Cardston was founded in 1887 by Mormon settlers seeking refuge from prosecution in the United States due to the practice of plural marriage. The Church of Jesus Christ of Latter-day Saints abolished polygamy in 1890.
The town, just 40 minutes from Waterton Lakes National Park and the Rocky Mountains, has a population of 3,500, and was the first of what would become several Mormon settlements in southern Alberta.
Construction of the temple began in 1913 and over the next 10 years granite was quarried from a site in Nelson, B.C., and transported more than 500 kilometres to Cardston.
It was the first Mormon temple built outside the United States. Covered by a layer of white granite one metre thick, the design is based on the centralized Greek cross and inspired by the work of architect Frank Lloyd Wright.
It was named a national historic site in 1992.
"The temple does attract numerous amounts of members of the church, but it also does attract people that just want to see the building because it is kind of a pretty huge, odd building for just a small Prairie rural town. It's a massive granite building," said Jarom Scott, manager of the Tourist Information Centre in Cardston.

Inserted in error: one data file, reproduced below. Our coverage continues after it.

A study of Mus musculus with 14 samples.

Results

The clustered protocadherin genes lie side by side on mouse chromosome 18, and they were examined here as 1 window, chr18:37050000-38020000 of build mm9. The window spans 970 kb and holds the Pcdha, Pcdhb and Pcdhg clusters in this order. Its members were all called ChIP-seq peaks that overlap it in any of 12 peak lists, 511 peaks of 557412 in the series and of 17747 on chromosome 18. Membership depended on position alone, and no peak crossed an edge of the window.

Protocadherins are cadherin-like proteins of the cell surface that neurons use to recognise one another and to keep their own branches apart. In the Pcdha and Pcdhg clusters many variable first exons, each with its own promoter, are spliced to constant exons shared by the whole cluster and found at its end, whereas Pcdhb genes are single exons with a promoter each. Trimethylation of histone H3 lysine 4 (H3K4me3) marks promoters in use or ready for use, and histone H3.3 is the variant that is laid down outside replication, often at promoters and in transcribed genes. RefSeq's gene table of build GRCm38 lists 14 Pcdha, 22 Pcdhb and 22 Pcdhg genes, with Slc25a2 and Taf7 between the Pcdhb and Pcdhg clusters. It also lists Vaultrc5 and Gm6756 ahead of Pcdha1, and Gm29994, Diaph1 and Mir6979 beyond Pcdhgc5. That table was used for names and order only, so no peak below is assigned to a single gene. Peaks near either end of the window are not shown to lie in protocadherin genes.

The Remington Carriage Museum, which opened in 1993, is the largest of its kind in the world and displays more than 270 carriages. The museum provides visitors with an appreciation of an authentic experience with 19th- and early 20th-century horse-drawn transportation. It was rated "Best Indoor Attraction in Canada" four times by Attractions Canada.
"The collection keeps growing. It's just really impressive," said Scott.
It also made an appearance in pop culture. In a 2006 episode of "The Simpsons," sisters Patty and Selma show vacation slides of their visit to the Remington museum, including an image of them standing next to a bronze statue of the museum's founder, Don Remington.
The museum features coaches used in past and present Hollywood productions, including stagecoaches used by Jackie Chan in Disney's "Shanghai Noon" and by Tom Selleck in "Crossfire Trail."
There's also a touch of early Hollywood.
Hollywood actress Fay Wray, who rose to fame as one of the original Scream Queens as the damsel in distress in the 1933 movie "King Kong" was born near Cardston.
A small park near Main Street was named in her honour. There is a fountain at the edge of the park along with a sign that bears a silhouette of King Kong holding Wray in a nod to her role in the film "King Kong."
Wray, whose career spanned 57 years, received a star on the Hollywood Walk of Fame and in 2005 received a star posthumously on Canada's Walk of Fame.
Remington Carriage Museum, http://cardston.ca/visit-cardston/local-attractions/remington-carriage-museum.
Cardston Alberta Temple, 348 3rd St. W. The visitors centre is open in the summer. http://cardston.ca/visit-cardston/local-attractions/cardston-alberta-temple.
One of Alberta's best kept secrets, Waterton Lakes National Park, is only a 40-minute drive away.